I must admit that the older I get, the more I appreciate simplicity and spontaneity in language teaching. It makes me very happy when a beautiful, meaningful lesson grows out of something seemingly trivial or when an impromptu action leads to something truly valuable.
The other day, in class, we read an article about Albert Einstein. It was one of those classic coursebook texts accompanied by a classic reading comprehension check. Quite boring, I should add. Nevertheless, the text contained an idea that immediately grabbed my attention. Allegedly, Einstein was a pretty bad student. However, as we all know, despite his rather poor study results, he eventually became one of the best-known scientists of all times. So, after having read the article, we talked a bit about what makes somebody perform well/badly at school, about the role of grades, motivation, concentration, intelligence, etc. The students brainstormed some really great ideas.
Anyway, in the next lesson, I felt it might be interesting to elaborate on the topic a bit more. One thing I really love working with is quotes. Quotes are everywhere and everybody loves them. In language teaching, they can turn into nice warm-ups, cool icebreakers or efficient lead-ins. You can choose any word, grammar item or topic and you’ll always find quite a few related quotes. Apart from containing useful target language, a good quote is a well of wisdom and a springboard for interesting discussions. And (off the record), if you don’t have time to prepare your lesson, find a quote. 🙂
Supposedly, Albert Einstein is the author of the following quote:
Everyone is a genius. But if you judge a fish by its ability to climb a tree, it will live its whole life believing that it is stupid.
Bingo! That was what I needed for my 15-year-old B1 students. At the beginning of the lesson, I drew 28 lines on the board, each one representing one word of the quote. I explained that it’s a quote by Einstein, closely related to what we had discussed in the previous lesson, i.e. education. First, I revealed that it includes an animal which people typically eat for Christmas in the Czech Republic. When Ss guessed the word, I put it on the appropriate line.
1___ 2___ 3___ 4___. 5___ 6___ 7___ 8___ 9___ 10_fish__ 11___ 12___ 13___ 14___ 15___ 16___ 17___, 18___ 19___ 20___ 21___ 22___ 23___ 24___ 25___ 26___ 27___ 28___.
In a random order, I gradually defined all the nouns, i.e. fish, genius, tree, life. Whenever Ss came up with a wrong word, I drew a part of the Hangman. Then I continued with adjectives and verbs, which, like nouns, are quite easy to define. We played with different parts of speech, i.e. able > ability, judge (which is a noun as well as a verb) synonyms, and antonyms. I said that the quote includes conditional tense – something we had spoken about a couple of lessons back. I also pointed out that some verb forms need to be changed (see believing, for example). At this point, Ss had to concentrate on vocabulary as well as grammar. I love it when lexis and grammar merge and blend this way. Anyway, when I added all the content words, I left Ss to their own devices. They had to fill in all the grammatical words themselves (articles, prepositions, conjunctions, pronouns, etc). This was a useful language practice too, and the fact that they were close but not quite right at times kept everybody in suspense till the very last moment.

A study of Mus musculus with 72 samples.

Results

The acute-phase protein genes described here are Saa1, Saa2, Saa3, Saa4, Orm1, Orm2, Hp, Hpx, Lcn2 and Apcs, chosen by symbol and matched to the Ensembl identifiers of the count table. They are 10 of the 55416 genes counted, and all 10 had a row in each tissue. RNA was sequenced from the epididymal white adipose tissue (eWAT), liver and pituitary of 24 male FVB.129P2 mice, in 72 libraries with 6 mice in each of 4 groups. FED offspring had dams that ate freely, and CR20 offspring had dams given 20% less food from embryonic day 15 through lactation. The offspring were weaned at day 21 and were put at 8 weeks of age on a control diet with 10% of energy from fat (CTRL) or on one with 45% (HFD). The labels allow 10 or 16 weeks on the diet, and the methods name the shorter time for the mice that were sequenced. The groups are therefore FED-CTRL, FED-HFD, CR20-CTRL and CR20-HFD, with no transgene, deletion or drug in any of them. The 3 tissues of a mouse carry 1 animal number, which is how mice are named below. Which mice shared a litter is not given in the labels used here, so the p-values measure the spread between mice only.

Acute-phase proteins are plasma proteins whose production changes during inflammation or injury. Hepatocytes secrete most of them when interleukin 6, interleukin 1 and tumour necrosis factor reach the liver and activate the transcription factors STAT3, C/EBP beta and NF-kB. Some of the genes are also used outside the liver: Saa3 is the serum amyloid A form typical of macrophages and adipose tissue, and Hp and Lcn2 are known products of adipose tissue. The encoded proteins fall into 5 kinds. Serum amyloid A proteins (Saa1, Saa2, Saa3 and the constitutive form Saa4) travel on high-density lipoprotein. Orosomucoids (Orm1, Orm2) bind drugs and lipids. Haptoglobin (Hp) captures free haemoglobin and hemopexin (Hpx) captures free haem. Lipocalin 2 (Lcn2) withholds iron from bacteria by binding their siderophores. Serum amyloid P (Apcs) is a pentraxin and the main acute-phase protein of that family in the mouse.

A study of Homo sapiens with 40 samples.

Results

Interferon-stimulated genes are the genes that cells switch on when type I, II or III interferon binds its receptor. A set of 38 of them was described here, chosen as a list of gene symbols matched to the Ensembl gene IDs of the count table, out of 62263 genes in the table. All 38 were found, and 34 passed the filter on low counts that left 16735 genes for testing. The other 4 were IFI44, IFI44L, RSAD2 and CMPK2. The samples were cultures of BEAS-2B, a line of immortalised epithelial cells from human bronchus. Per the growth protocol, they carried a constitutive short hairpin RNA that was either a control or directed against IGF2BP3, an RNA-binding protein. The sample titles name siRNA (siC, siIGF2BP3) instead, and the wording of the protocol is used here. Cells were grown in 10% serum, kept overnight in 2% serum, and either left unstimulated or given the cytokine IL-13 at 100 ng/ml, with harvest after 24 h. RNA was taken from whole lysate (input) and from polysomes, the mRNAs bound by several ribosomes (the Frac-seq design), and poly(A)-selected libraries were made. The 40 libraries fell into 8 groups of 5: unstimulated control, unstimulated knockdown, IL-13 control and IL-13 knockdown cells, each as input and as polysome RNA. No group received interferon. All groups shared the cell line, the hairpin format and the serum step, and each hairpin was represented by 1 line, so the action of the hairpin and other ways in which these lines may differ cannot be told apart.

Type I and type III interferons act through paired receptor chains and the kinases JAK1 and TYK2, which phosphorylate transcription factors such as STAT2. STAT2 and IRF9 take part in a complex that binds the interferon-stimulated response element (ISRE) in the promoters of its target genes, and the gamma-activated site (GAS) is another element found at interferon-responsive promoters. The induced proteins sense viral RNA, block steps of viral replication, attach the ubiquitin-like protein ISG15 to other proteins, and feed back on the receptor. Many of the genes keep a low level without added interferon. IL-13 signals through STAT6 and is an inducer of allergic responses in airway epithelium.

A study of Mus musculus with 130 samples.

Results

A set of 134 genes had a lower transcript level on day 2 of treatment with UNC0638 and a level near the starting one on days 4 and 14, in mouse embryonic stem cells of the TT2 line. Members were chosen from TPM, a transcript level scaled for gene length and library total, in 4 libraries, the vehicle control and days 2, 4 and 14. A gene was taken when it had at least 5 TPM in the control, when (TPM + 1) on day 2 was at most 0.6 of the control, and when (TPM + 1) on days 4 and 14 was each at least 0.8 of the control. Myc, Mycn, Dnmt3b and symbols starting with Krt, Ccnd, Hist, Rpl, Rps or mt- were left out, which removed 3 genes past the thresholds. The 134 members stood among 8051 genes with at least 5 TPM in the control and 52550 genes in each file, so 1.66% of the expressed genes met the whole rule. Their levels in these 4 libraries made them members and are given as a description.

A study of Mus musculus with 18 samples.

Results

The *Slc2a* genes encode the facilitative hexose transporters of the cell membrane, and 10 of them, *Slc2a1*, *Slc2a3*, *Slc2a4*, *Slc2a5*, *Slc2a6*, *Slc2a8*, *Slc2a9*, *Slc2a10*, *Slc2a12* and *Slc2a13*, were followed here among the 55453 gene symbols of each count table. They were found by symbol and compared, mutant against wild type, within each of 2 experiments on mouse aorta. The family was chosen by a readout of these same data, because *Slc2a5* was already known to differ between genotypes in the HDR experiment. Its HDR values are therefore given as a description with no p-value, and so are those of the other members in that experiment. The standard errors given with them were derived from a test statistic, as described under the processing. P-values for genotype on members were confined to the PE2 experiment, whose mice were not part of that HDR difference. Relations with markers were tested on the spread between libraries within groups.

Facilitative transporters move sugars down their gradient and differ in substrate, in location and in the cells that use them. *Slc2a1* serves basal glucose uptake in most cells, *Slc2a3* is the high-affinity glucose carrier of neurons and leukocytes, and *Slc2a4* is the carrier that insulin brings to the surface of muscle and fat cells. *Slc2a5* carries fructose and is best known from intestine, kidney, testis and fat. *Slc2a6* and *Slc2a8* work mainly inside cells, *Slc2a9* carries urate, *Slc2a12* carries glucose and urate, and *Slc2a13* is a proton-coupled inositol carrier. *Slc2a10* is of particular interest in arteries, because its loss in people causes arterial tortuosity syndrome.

When Ss guessed all the words, I asked them to discuss the meaning of the quote in pairs. To my surprise, it was not as easy as I had expected, but most Ss got it right in the end. I elicited some answers and put them on the board as bullet points. Then I got Ss to substitute fish with a different animal. Obviously, the rest of the quote had to be changed, as in … if you judge a parrot by its ability to swim … This helped Ss to reinforce the tricky grammar structure (if… to + verb) and some new vocabulary (judge….by, ability). Also, I made sure that each and every student was clear about the meaning of the quote. After that, as a whole class, we discussed whether we agree or disagree with the statement and why. I asked about the connection between the quote and what we had talked about in the previous lesson (Einstein’s failure as a student, education, grades, etc.). This provoked an interesting debate too.
We also talked about Ss’ strengths and weaknesses and we mentioned that it’s important to focus on what they are good at.
Finally, as Ss liked the quote, I said it might be cool to learn it by heart. I used the erase-the-last-word technique. I erased stupid first and got a student to read the whole quote. Then I wiped off all the words one by one – each time somebody having to read the whole quote – until there was nothing left on the board. Eventually, I asked them to write the quote in their notebooks from memory.
I guess something similar can be done with practically any quote. To work with quotes, you can use various activities, such as the running dictation, Chinese Whispers, Spelling Contest, Bingo and many more.